The Thagomizer – the term used to Describe a Stegosaur’s Tail Spikes
Many palaeontologists have a warped sense of humour, this might be due to the fact that they spend many weeks in far flung places looking for fossils or countless hours in the laboratory cleaning and preparing specimens. In these situations, a sense of humour, no matter how warped comes in very handy.
The term “Thagomizer” a word used to describe the arrangement of defensive tail spikes on Stegosaurs, has been adopted as an informal anatomical term, appearing in scientific literature on Thyreophora (Shield Bearers), museum displays and in many texts on prehistoric animals.
This term was invented by the cartoonist Gary Larson, who due to his love of nature often lampooned science in his cartoons, such as the anthropologist Jane Goodall, and her work with the chimpanzees at the Gombe National Park in Tanzania.
In a 1982 Far Side comic strip, Gary depicts a caveman lecturer (prehistoric people and dinosaurs being a favourite source of ideas for Gary); giving a slide-show and pointing out that the back end of a Stegosaurus is called a “Thagomizer – after the late Thag Simmons”.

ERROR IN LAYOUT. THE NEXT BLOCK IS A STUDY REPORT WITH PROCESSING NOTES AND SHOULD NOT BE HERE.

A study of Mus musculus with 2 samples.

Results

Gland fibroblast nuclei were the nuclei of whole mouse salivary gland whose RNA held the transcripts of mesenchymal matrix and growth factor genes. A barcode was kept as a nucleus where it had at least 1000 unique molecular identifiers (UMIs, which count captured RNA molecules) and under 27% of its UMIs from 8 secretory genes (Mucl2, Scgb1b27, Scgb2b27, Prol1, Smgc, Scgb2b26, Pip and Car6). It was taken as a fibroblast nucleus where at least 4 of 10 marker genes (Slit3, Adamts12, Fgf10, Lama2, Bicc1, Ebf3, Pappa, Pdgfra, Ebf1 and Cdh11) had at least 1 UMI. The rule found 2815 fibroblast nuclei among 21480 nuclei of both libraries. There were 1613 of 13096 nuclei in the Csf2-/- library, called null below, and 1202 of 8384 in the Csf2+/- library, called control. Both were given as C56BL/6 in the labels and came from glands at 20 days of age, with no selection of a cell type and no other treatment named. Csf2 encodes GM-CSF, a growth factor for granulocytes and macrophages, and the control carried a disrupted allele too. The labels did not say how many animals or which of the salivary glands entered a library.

This term was picked up a few years later by Ken Carpenter, a palaeontologist at the Denver Museum of Nature and Science, who used the term to describe a fossil at the Society of Paleonotology (American spelling).
The Birth of the “Thagomizer”
The text associated with this Larson cartoon reads: Now this end is called the Thagomizer after the late Thag Simmons.
For those fortunate to meet Gary and to interview him about his work, often they remark how observant he is and how interested Gary is in the world around him. Aware of the misconception of putting cavemen amongst dinosaurs, Gary once suggested that “there should be a cartoon confessional where cartoonists could go and say things like, ‘Father, I have sinned – drawing dinosaurs and hominids together”.
In the Everything Dinosaur offices, amongst all the text books, order receipts and paperwork we have a Far Side Gallery book, with a foreword by Jane Goodall. It helps keep us sane and makes us smile.